Improvements for foster carersPublished Friday, 15th July 2016
Foster carers are set to benefit from a raft of changes in a bid to help the borough increase the number of carers in town.
As part of the town’s ambitious child-centred borough plans, Rotherham Council wants to increase the capacity it has for placing children with its in-house foster carers. It wants family-based placements to be the natural path for looked after children, where possible.
The Council is determined to remove all barriers which may be preventing people coming forward to become foster carers. This includes increasing the allowance fees. Currently, carers on the Council’s books are paid significantly lower than those paid in neighbouring authorities or independent agencies.
Now the Council has decided to consult carers over this and other changes to make life as a foster carer easier.
In particular the Council wants to attract people to foster teenagers and young people over the age of 11.
Foster carer and mother-of-four Emma Darby, who is currently fostering twin toddlers said: "This is a really great idea and one I welcome very much. Foster children have often been through quite traumatic ordeals in their short lives and so they need the stability a family-based foster placement can offer. It can be quite hard to go out to work as well, as you really need to be around to meet these children’s needs, especially the very young ones. An increase in the fee will help people overcome a barrier which just might have been putting some off."
Deputy Council Leader Cllr Gordon Watson, Cabinet Member for Children and Young People's Services, said: "Our foster carers are real heroes and they need to be recognised for the brilliant work that they do.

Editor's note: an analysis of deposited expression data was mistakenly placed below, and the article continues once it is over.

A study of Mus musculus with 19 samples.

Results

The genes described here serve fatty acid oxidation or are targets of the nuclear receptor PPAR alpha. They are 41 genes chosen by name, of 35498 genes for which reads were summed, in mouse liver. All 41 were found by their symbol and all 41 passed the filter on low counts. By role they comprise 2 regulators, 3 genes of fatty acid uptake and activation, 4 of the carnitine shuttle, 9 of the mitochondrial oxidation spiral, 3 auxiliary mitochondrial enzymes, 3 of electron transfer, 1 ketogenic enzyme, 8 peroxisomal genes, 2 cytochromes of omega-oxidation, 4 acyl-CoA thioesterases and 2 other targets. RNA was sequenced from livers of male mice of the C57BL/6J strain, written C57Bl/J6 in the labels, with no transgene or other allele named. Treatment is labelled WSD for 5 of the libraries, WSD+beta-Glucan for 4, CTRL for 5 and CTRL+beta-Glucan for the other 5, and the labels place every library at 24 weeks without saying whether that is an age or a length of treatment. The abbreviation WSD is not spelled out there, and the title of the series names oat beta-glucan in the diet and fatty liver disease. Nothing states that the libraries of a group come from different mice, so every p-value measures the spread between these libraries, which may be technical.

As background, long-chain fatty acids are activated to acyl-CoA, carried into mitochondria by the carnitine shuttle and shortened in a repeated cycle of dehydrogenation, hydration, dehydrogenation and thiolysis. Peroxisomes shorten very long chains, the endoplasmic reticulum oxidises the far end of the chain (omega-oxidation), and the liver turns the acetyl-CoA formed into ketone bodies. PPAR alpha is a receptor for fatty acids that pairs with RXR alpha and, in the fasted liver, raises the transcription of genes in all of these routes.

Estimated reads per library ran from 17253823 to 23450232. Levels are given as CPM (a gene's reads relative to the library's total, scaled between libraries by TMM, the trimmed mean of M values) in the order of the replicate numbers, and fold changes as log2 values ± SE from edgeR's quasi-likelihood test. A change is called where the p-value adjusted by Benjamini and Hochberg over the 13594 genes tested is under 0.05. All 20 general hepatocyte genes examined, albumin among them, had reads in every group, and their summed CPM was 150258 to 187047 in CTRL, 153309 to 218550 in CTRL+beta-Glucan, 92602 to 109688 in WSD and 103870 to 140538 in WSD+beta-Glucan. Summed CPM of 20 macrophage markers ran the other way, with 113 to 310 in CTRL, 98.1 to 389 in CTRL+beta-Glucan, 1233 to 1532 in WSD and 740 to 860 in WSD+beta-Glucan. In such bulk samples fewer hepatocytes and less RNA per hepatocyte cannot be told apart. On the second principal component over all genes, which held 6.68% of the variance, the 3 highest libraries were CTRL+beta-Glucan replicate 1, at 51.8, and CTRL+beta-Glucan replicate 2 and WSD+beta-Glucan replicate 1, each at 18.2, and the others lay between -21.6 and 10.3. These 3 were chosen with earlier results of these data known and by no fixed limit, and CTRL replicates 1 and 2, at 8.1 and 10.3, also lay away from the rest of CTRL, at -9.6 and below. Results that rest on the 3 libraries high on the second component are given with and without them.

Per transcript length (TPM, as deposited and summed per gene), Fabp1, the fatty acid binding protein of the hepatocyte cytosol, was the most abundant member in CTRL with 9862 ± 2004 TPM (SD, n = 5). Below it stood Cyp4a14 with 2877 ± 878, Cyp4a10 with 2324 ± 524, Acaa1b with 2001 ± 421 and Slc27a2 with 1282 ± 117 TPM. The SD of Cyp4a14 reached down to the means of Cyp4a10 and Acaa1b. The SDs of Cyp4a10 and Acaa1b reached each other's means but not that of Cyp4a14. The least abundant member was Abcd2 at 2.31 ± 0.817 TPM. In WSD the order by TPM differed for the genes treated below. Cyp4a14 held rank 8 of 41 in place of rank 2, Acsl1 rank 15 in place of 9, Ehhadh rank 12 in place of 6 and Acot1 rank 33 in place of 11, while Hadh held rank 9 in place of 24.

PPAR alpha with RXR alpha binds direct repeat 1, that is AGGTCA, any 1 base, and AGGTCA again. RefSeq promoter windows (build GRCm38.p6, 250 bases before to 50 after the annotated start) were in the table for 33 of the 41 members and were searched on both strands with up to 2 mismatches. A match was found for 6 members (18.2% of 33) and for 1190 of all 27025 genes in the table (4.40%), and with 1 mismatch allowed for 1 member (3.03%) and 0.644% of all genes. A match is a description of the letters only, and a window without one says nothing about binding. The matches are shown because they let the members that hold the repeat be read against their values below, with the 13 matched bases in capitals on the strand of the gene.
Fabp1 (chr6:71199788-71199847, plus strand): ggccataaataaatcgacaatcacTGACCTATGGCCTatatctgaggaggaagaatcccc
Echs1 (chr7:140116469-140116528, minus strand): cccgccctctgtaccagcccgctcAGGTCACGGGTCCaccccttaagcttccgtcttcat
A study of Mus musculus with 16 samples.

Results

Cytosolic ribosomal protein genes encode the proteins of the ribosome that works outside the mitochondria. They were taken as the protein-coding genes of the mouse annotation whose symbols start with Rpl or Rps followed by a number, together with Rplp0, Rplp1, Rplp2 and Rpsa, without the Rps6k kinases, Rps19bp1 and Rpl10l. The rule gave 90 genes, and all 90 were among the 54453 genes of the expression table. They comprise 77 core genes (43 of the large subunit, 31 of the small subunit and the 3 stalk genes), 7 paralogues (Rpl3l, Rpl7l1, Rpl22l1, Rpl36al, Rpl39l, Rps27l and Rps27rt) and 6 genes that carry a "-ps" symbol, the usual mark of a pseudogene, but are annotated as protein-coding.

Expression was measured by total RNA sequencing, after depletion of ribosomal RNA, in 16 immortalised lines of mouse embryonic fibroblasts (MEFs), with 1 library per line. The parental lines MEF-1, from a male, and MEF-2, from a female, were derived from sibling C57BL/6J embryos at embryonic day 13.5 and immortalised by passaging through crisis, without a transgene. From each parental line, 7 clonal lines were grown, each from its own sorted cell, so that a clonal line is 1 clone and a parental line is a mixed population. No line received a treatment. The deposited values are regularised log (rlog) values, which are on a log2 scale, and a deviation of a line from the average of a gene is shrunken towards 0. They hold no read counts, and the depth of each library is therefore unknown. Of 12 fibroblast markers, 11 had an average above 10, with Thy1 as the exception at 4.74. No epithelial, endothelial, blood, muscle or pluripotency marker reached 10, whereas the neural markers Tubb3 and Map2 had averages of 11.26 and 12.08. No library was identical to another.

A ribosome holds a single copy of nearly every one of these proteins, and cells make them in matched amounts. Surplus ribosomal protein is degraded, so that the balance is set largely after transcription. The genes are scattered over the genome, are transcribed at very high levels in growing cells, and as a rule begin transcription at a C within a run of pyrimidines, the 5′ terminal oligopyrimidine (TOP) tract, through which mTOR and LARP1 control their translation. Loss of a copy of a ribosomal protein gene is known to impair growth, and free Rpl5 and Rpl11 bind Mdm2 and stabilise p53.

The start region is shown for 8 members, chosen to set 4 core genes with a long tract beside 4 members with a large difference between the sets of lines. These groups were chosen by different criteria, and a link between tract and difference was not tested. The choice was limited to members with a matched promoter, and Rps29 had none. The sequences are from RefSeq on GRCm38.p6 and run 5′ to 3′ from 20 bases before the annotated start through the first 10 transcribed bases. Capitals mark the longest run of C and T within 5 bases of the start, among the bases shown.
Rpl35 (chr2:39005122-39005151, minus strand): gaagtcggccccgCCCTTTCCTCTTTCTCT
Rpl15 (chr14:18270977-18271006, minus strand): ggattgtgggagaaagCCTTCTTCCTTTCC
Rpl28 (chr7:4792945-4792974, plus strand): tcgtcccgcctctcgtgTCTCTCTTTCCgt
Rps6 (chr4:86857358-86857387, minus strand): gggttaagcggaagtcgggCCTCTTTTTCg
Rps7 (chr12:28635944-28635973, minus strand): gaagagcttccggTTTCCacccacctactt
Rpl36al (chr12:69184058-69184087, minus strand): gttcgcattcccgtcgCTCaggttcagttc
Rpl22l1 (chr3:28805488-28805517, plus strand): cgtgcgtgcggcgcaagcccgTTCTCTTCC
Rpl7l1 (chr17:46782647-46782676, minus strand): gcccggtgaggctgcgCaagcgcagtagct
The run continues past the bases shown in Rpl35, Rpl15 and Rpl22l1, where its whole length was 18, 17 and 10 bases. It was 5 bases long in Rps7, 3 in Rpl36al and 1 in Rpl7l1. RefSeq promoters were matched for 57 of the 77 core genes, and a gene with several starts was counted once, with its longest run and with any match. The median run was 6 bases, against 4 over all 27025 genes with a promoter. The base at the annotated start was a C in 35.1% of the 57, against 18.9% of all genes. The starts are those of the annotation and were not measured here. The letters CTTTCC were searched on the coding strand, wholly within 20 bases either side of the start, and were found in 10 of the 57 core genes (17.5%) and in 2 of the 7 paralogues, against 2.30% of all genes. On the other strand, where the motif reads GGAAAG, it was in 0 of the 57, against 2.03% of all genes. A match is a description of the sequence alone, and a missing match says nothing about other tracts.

"No one goes into foster caring because they want the pay, but if we are serious about attracting people to help us achieve our ambitions for this Council, then we need to make sure we are the place of choice for people to come.
"We need to ensure all children who need a place in a foster home have access to one here in Rotherham. These children are going through enough issues as it is, and if we can lessen some of their burdens then we must aim to do this. If young people are able to stay with a local foster family then this gives them the chance to stay on at their own schools and with their friends, limiting the impact on their young lives."
He added the severe shortage of places for adolescents has meant a number of children having to be placed outside the local authority area because the Council does not have sufficient local places.
This can have severe impacts in terms of children being able to rebuild family relationships and can impact on achievements at school, with sometimes wider long term ramifications for the rest of their lives.
Commissioners agreed an increase in the fees at a Cabinet meeting on Monday (July 11).
A six week consultation process will now begin with foster carers and wider stakeholders over the summer.
Anyone interested in fostering in Rotherham should contact the fostering team.